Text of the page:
With so many streaming services, there's so much new content pushed out into the world on a monthly basis — weekly even. Given that many of those services (we're talking Hulu, HBO Max, Peacock, Netflix, Disney +, and Amazon Prime) cost meaning that you may have to choose a few as opposed to having them all, it's easy to either miss a new hit or just not have access to it. Whatever you're doing, stop and figure out how to watch HBO Max's Veneno, an eight-part series that serves as a delicious origin tale, an unprecedented trans coming-of-age story, and a spellbinding examination of how fame (and the loss of it) can warp and destroy lives. This, all within a vibrant, intergenerational trans narrative and done via a production team that centered trans talent in trans roles.
With the final two episodes debuting on the service today, Veneno has brought to screen the memoirs of Cristina Ortiz, who shot to fame in the 1990s in Spain after a newscaster stopped her while she was working Parque del Oeste in Madrid to interview her. Her frank, brash, and unapologetic responses about plying her trade — as well as her inarguable good looks — became a national sensation. She parlayed that notoriety into a mainstream career and became the most famous trans person in Spain in her time. That she did this with her past as a sex worker being her break into the mainstream consciousness made it all the more groundbreaking. In a series of richly recreated flashbacks, HBO Max's Veneno reimagines the memoirs recounted in the book (and yes there are a few supremely shot sex scenes,) providing this origin story for a then-unparalleled figure in Spanish culture who helped the country humanize and empathize with the entire LGBTQ+ community by inviting her into their homes through their televisions. It also recreates her childhood, casting a series of actors to portray the varying ages. But show creators Javier Calvo and Javier Ambrossi take it all a step further.
¡Digo! Ni puta ni santa: Las memorias de La Veneno (I Say! Not a Whore, Not a Saint: The Memories of La Veneno), the memoir on which the series is based, was written by Valeria Vegas. With a deft hand, the creators blend Vegas's trajectory of writing the memoirs with her discovery and exploration of her own identity and transition — this comes through her friendship with Ortiz. She transitions a generation after Ortiz, making for a different experience, which is put on display in the project. She also transitions in the company of and under the care of other trans women, led in-part by Ortiz. Watching these women mentor her and provide advice, shows a true sisterhood spanning generations which is something that we have rarely seen in this way before on television — though we've seen permutations of it in projects like Pose.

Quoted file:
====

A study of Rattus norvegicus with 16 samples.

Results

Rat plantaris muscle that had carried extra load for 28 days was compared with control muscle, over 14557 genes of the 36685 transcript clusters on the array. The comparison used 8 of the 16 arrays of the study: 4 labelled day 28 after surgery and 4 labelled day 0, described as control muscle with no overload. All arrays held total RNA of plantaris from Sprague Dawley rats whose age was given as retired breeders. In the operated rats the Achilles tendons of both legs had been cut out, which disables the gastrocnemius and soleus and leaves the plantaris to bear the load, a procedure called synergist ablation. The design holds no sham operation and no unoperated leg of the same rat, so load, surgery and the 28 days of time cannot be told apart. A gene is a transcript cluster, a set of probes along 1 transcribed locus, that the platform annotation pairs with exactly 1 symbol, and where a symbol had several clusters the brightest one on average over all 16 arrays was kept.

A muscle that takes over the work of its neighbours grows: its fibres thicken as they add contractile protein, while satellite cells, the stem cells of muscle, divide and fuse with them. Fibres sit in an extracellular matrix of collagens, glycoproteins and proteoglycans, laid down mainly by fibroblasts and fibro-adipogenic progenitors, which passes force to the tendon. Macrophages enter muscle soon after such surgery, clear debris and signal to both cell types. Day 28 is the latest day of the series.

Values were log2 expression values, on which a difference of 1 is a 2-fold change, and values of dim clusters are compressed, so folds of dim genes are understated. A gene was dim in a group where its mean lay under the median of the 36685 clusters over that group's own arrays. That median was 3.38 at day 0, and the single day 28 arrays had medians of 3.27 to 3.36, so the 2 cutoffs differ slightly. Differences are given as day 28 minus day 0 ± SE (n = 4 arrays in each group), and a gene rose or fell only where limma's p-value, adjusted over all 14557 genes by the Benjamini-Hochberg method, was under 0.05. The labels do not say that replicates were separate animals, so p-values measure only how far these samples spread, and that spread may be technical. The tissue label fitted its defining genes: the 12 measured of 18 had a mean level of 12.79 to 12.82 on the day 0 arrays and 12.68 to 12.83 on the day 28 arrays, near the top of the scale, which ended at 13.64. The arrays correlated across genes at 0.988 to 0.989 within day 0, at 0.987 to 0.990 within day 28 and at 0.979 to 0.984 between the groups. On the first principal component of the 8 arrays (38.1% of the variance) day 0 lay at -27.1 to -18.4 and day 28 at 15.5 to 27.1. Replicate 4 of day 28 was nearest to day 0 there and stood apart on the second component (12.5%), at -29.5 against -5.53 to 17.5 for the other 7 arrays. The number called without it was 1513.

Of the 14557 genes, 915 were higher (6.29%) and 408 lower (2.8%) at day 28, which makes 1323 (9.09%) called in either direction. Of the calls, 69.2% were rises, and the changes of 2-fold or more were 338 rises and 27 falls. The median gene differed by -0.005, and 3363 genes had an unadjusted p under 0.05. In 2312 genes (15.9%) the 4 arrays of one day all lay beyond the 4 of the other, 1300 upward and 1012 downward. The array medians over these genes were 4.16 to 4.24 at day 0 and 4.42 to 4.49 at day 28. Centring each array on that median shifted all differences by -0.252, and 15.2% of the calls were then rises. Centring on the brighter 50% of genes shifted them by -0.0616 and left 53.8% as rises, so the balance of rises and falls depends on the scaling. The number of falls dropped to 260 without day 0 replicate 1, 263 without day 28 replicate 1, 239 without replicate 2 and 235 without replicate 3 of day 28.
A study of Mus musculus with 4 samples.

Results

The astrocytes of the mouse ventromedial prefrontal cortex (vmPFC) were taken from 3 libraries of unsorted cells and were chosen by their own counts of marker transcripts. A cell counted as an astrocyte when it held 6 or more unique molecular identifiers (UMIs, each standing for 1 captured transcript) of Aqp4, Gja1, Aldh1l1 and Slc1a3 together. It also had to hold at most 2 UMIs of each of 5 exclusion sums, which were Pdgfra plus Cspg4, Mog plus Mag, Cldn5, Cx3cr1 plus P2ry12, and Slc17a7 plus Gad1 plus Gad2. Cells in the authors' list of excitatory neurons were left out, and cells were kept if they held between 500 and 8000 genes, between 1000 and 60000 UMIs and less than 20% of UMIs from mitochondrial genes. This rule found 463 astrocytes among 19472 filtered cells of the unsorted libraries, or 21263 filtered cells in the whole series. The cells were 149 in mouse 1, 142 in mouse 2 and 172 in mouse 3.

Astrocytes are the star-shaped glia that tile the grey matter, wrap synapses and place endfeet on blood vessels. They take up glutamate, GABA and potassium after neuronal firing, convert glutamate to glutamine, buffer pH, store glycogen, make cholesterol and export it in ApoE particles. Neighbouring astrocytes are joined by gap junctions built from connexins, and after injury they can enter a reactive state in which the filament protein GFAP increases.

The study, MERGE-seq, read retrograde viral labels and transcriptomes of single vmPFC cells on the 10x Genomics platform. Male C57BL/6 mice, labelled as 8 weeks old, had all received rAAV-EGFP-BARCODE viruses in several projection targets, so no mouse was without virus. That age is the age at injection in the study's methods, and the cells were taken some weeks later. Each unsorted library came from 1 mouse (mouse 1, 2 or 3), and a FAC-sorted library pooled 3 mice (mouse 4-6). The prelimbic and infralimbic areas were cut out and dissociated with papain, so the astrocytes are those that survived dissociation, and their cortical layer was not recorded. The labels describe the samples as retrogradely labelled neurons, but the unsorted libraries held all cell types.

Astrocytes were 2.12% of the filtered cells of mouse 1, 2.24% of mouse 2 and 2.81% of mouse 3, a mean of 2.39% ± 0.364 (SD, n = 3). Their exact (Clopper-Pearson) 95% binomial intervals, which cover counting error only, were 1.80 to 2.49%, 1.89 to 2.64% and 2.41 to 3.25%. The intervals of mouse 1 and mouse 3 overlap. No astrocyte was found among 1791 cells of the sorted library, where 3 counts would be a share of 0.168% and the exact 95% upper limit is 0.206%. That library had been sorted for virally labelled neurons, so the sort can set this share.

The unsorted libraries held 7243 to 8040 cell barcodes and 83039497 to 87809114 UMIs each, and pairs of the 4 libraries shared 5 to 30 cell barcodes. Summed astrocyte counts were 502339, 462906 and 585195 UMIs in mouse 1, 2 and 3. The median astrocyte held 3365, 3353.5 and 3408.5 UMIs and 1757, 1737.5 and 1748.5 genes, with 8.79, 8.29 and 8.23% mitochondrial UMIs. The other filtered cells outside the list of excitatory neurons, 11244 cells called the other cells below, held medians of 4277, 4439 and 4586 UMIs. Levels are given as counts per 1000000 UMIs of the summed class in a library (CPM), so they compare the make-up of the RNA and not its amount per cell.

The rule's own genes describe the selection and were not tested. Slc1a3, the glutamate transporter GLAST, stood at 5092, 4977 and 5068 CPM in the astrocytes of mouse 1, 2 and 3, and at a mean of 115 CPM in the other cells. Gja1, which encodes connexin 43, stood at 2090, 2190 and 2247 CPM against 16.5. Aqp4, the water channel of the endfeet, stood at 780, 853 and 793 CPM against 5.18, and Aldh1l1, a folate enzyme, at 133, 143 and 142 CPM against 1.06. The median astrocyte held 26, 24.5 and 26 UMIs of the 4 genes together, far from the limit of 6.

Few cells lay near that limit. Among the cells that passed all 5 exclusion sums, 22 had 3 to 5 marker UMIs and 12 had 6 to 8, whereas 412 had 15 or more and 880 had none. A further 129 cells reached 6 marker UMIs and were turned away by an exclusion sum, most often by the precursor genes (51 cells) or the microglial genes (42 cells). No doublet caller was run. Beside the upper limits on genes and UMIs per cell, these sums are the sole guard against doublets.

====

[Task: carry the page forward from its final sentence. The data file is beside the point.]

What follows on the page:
The writing and storylines of Veneno are heartfelt, unabashedly authentic, and come off just as funny, and sometimes as brash as the aspects of Ortiz that captivated the nation of Spain in that first interview. The stories and characters (even the jokes) are all justly complex and nuanced. It is with the complexity of these characters that we fall in love, and it is those same complexities that the viewer is likely to relate.
Like Pose, production has centered trans actors in trans roles. With the namesake Veneno, there are three trans actresses in fact: King Jedet plays Ortiz during her transition, and was in the process of her own transition during production; Daniela Santiago plays Ortiz not only during the height of her fame but during her three-year stay in an all-male prison which episodes released Thursday will depict; and Isabel Torres plays the Ortiz in her later years, ever-searching for the fame of her youth. In addition to the other trans roles being played by trans actors, production went so far as to cast trans voice actors for the dubs. (Ortiz portrayed in various periods in her life below by Guille Marquez, Marcos Sotkovszki, King Jedet, Daniela Santiago, and Isabel Torres, from top to bottom, respectively.)
Even without this production information, Veneno is a must-watch. There is a treasure trove of these stories: of women who were out and trans and saw national success like Ortiz in Spain and Roberta Close in Brazil. There's also others like Caroline Cossey who, after being outed, used their moment to go on talk shows and tour the world to push forward the movement. These women have had an indelible impact on the world which has helped create space for the generations who have come after them. To have that work canonized, and portrayed with the richness and complexity of any other historical moment, preserved for all in order for us to continue to say the names of those who came before us, is vital work. That this has been done with intention — as evidenced by the careful casting — makes Veneno a must-watch that we are likely to return to over and over as a blueprint for telling these stories moving forward.
Veneno is currently available to stream on HBO Max and is available in Spanish with English subtitles, or in an English dub.